Page Turners

Throne of the Crescent Moon and Breaking the Formula of Fantasy

throne of the crescent moon


Fantasy is such a very strange genre of storytelling. I’ve had a massive love for fantasy for most of my life, and I’m sure that that’s a pretty common occurrence. Most of the fairy tales, fables, and stories that we’re told as children boil down to fantasy, forming the bedrock of our narrative development. But, since America is a country that’s dominated by a Western European culture, those fables and fairy tales tend to come from a very European lens. Most of our fables are specifically English or Germanic, and as a result our biggest references for the fantasy genre come from Western European folklore and mythology. That’s why when you hear someone say they’re reading a fantasy novel you assume that there’s elves, dwarfs, and dragons. And you’re probably going to be safe thinking that. Because the vast majority of major fantasy, especially if you’re looking for a book, is going to come from the Tolkien tradition. So, the idea of finding a book that takes the form and tropes of fantasy and puts it into a different cultural lens is quite appealing to me. Enter Saladin Ahmed! I first became aware of Saladin from a combination of his stellar work with Black Bolt at Marvel, and his equally stellar jokes and thoughts on Twitter. And, after reading some of his comics work, I figured I would look into what actually jump-started his career, his first novel, Throne of the Crescent Moon. 

Throne of the Crescent Moon is a fantasy story that takes place in a massive town known as Dhamsawaat. It’s a fairly traditional fantasy story, but one that takes place in a far more Middle Eastern-inspired world. Our protagonists are a series of mystical hunters who have been tasked with protecting Dhamsawaat from a race of magical beings known as ghuls, monstrous homunculi that are held together with sinister magic. The group is led by Dr. Adoulla Makhslood, an aging ghul-hunter who has become jaded by a life-time of killing monsters at the expense of his personal life, while doing his best to remain jovial and detached from the whole thing. He’s aided by a young man named Raseed, a member of a holy order of protectors called the Dervishes, who finds his strict religious opinions at odds with Adoulla’s vulgar life, and the vast amount of killing that his life entails. And, they eventually pick up another ally, a young woman named Zamia who is the last surviving member of a nomadic tribe, and the beneficiary of a holy gift that allows her to transform into a magical lion.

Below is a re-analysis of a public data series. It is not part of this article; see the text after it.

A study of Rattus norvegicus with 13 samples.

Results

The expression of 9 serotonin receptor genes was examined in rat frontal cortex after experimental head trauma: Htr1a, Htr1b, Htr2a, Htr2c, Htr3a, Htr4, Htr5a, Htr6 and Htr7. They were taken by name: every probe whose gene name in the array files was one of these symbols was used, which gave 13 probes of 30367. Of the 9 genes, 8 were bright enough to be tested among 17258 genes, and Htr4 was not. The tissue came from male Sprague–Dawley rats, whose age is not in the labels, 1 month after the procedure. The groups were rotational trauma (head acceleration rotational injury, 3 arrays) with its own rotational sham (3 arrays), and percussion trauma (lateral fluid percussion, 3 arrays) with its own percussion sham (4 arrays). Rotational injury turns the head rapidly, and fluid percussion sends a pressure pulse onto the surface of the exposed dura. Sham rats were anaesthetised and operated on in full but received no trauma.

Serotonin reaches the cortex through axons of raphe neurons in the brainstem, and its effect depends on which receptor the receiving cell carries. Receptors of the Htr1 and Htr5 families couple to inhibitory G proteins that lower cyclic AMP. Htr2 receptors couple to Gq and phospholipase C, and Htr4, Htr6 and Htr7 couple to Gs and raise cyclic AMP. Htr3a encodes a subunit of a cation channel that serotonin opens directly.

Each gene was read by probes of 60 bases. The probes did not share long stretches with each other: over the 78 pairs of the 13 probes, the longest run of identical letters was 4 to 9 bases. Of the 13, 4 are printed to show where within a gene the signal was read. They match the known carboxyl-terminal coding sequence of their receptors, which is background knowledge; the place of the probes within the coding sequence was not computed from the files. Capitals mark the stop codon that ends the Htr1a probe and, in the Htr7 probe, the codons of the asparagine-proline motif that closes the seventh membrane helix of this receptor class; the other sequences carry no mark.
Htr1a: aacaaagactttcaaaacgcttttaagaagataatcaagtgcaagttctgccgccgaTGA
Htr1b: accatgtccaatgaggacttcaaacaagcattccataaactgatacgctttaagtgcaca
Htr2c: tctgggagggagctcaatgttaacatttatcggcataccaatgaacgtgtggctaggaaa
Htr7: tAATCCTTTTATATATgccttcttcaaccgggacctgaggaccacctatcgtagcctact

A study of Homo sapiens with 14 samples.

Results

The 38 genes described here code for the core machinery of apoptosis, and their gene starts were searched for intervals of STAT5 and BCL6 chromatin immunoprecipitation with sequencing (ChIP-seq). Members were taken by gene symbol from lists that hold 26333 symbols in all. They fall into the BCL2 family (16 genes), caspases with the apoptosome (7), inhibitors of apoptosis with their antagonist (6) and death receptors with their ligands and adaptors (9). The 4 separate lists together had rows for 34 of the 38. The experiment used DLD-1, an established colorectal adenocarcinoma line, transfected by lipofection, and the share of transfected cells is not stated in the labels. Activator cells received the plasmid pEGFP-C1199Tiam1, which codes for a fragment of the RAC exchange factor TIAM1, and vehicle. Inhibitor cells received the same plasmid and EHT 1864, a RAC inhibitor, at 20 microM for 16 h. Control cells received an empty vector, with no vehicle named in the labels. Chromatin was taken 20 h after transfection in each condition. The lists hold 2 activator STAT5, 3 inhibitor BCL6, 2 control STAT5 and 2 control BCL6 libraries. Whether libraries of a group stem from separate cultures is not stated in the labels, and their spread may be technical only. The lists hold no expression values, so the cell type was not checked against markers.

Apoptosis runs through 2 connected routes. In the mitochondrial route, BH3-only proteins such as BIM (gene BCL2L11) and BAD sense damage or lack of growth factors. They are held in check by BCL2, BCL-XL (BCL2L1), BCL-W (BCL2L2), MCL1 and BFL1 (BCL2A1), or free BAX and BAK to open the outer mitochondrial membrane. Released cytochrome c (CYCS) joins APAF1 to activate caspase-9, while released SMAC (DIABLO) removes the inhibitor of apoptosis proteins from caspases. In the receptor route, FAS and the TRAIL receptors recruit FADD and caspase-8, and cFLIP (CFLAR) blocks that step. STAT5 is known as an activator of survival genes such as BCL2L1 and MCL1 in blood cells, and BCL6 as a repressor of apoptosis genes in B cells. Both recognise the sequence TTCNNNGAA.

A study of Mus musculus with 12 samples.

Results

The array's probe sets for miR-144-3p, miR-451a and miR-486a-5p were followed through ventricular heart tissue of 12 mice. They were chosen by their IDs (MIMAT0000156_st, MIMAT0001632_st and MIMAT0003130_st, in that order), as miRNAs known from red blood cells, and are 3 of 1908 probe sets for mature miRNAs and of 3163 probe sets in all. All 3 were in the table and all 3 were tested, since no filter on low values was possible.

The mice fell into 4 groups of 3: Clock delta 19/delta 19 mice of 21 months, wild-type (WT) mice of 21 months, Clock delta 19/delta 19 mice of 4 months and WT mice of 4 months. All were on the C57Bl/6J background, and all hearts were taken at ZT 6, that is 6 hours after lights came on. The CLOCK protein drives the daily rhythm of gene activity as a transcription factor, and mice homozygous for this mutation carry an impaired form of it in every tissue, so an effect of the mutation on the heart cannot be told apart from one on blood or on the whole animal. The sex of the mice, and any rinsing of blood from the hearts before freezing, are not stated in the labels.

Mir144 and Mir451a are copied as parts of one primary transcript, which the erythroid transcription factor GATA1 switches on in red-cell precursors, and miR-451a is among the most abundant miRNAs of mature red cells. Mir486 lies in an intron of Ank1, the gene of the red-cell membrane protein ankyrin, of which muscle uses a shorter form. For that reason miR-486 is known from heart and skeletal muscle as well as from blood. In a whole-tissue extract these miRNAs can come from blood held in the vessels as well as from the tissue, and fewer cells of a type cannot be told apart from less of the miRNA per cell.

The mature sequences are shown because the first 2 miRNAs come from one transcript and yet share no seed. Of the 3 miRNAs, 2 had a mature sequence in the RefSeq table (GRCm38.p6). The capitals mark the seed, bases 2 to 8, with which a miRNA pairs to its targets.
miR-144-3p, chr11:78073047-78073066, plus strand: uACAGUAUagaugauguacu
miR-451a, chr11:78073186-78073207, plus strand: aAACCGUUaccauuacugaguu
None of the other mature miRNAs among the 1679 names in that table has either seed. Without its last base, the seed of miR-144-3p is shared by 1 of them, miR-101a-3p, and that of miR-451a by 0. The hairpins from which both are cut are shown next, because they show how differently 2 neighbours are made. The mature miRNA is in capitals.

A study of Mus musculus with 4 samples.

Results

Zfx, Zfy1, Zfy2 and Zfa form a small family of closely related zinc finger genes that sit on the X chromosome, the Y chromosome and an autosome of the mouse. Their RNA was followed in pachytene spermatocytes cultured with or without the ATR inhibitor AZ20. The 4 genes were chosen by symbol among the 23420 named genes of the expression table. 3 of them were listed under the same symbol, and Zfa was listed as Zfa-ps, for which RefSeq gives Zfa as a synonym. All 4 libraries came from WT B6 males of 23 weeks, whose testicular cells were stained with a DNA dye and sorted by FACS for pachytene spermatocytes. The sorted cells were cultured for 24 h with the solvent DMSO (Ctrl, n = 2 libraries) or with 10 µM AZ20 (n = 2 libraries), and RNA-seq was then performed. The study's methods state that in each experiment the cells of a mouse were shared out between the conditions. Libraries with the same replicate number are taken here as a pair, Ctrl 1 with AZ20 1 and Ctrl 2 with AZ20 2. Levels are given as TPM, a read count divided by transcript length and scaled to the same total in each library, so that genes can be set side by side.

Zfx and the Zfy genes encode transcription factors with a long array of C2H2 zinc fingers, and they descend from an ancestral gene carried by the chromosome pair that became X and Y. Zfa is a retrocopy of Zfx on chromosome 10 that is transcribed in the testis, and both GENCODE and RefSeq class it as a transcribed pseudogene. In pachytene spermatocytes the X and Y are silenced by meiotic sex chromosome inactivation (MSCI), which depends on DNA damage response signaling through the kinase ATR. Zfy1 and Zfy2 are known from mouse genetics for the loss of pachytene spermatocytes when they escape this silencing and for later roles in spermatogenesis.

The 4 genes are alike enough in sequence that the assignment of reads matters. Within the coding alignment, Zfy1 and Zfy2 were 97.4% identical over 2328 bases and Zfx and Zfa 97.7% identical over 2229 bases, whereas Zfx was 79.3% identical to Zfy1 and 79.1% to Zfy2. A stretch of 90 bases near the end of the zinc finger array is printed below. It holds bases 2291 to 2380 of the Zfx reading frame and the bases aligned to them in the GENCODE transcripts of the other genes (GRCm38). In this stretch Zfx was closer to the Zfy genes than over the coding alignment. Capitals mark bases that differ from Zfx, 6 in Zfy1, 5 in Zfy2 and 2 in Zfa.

Their three lives are brought together when a series of increasingly brutal and strange ghul-attacks begin spreading around Dhamsawaat, hinting that there’s a very powerful and dark sorcerer afoot in Dhamsawaat. And that’s confirmed when they’re attacked by a shadowy jackal creature, who grievously wounds Zamia and burns down Adoulla’s home. The trio begin investigating the jackal and the ghuls, with the help of an older couple of mystics that Adoulla knows, and slowly start to piece together a massive conspiracy involving an ancient civilization that once ruled the land, and a horrible spell that’s entombed in the Throne of the Crescent Moon, the seat of power of Dhamsawaat. Unfortunately, they find the ruler of Dhamsawaat, a cruel Kalif, uninterested in their warnings, and not interested in protecting the city from the oncoming storm of ghuls and dark magic. But, lucky for our heroes, a Robin Hood-esque figure in the city known as the Falcon Prince has been planning a coup, and they find themselves in the middle of a massive battle for the heart and soul of Dhamsawaat, which could forever change the city, and the world.

I was delighted by this novel. Ahmed is very skilled at weaving together a detailed and fun world without ever really feeling like he was spoon-feeding us exposition, which is an incredibly difficult feat to pull off in the world of fantasy. It’s so easy to get bogged down with the world-building, leaving your story little more than a Wikipedia entry, and not really a functioning narrative. But Ahmed is able to introduce us to the fantastic work of Dhamsawaat while telling a fun and exciting story, filled with fully-realized characters who were a legitimate treat to be around. And, on top of all of that, he’s able to craft a story that feels familiar, and alien at the same time. This is a real fantasy novel, showing off the tropes and elements that make the genre what it is, while also taking place in a world that couldn’t feel more different from that of Tolkien or Lewis. And it’s so incredibly refreshing. It’s a story that feels very unique, lifting a far wider litany of inspirations that most “traditional” fantasy, and giving me a glimpse into a world that I would love to visit again sometime.


Throne of the Crescent Moon was written by Saladin Ahmed and published by DAW Books, 2012.